ALS Diagnosis Can be a Long, Arduous Process

ALS experience differs from patient to patient


    ALS, known as Lou Gehrig's Diseas, has no cure. Two North Texas men, Bobby Thietje and Paul Tavano, are currently fighting the debilitation disease.

    May is ALS awareness month. ALS stands for amyotrophic lateral sclerosis, a disease for which there is no cure and for which there are no treatments.

    Bobby Thietje and his partner Morgan Grounds recently paid a visit to Paul and Kathy Tavano.  Bobby, diagnosed in 2011, and Paul, diagnosed in 2009, both have ALS.

    "My first symptoms were muscle vacillations, quite extensive," Paul Tavano said.

    As for Thietje, he said in words almost unintelligible, "I noticed I was slurring words with the letter R, so I would think of other words that didn't have an R."

    They each sought out medical assistance as soon as they noticed symptoms, but diagnosing their symptoms as ALS was not a quick process and medical professionals try to first diagnose it as anything else.

    "It's a diagnosis by exclusion," Grounds said, "because there is no test for ALS. It took us about a year." 

    Thietje said it was rough when he got the final verdict.

    "The final test was a spinal tap and I went to the doctor’s office and he says it was negative, so that meant I have ALS," Thietje said.

    Paul's wife Kathy said she found herself thinking things she never thought she would.

    "You were praying it would be a disease, like cancer.  Cancer, diseases like that, you have a chance.  ALS, there is nothing you can do, you don't have a chance," Kathy Tavano said.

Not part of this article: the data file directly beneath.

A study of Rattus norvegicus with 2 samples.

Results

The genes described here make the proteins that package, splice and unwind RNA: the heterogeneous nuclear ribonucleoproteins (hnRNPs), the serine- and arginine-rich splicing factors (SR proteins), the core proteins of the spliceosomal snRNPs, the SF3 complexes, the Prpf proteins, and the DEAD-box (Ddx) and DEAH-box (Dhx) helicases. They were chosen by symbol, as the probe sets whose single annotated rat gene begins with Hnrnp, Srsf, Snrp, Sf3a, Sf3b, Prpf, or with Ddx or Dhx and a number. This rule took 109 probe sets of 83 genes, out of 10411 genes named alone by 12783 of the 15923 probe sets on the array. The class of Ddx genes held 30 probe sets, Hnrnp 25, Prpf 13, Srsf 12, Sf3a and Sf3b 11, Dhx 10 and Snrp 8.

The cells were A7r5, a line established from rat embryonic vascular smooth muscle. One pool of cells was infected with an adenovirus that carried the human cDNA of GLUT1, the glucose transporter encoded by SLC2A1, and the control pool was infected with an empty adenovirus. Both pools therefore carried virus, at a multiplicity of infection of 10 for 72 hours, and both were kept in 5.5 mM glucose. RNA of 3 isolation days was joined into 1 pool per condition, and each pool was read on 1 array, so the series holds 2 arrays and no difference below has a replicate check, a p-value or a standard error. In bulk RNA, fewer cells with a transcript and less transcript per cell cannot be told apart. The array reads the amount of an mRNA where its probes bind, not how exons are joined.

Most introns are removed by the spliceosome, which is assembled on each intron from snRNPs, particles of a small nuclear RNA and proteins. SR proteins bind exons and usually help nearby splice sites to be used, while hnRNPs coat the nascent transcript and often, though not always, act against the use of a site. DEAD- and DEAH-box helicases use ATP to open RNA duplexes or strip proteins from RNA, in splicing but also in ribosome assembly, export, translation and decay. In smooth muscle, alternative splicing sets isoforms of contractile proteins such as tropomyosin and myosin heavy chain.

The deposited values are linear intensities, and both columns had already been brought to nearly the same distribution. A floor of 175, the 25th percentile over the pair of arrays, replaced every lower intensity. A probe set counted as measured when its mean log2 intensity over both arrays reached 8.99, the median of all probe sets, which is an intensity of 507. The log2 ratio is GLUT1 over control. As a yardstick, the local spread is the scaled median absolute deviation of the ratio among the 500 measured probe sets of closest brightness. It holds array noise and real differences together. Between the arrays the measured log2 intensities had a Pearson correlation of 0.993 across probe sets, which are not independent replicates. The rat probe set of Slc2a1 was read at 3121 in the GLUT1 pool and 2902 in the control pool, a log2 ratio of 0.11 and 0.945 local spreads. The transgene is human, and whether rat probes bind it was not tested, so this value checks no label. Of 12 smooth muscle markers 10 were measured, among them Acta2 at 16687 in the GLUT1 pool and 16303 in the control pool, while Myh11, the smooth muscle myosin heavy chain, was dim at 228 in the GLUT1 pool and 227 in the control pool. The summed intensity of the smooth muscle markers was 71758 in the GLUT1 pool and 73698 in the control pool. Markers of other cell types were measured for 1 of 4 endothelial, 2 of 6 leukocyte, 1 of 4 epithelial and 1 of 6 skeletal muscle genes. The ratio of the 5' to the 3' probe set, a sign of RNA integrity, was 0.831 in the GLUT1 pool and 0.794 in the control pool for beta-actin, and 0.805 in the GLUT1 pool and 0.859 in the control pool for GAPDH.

The disease progresses at different rates with different people, and even after the diagnosis, there is still a torturous wait for the patient and their family to try to determine how long they'll live.

    For Paul Tavano, that wait for that news took another nine months.

    "They monitor you and see what's happened over that period of time," he said.

    Paul Tavano's progression has been slow. Thietje, diagnosed two years later, has had a very different experience. Thietje has trouble speaking and needs a brace to hold his head up. Breathing problems have started as well, but he is trying to keep a positive attitude.

    "Everyone is going to die, but you don't know when. You can get in your car and boom. So, I live each day and appreciate what I have," Thietje said.

    Meanwhile, the families of those diagnosed try to find ways to help their loved ones, such as the annual golf tournament the Tavanos hold every year to benefit ALS research.

    "I can't do anything to change the disease for Paul, that is going to stop it or reverse it, but I can do something that may find a treatment or a cure.  We want to change it for other people," Kathy Tavano said.

    For more information on how you can help, head to http://www.wewillcureals.com/.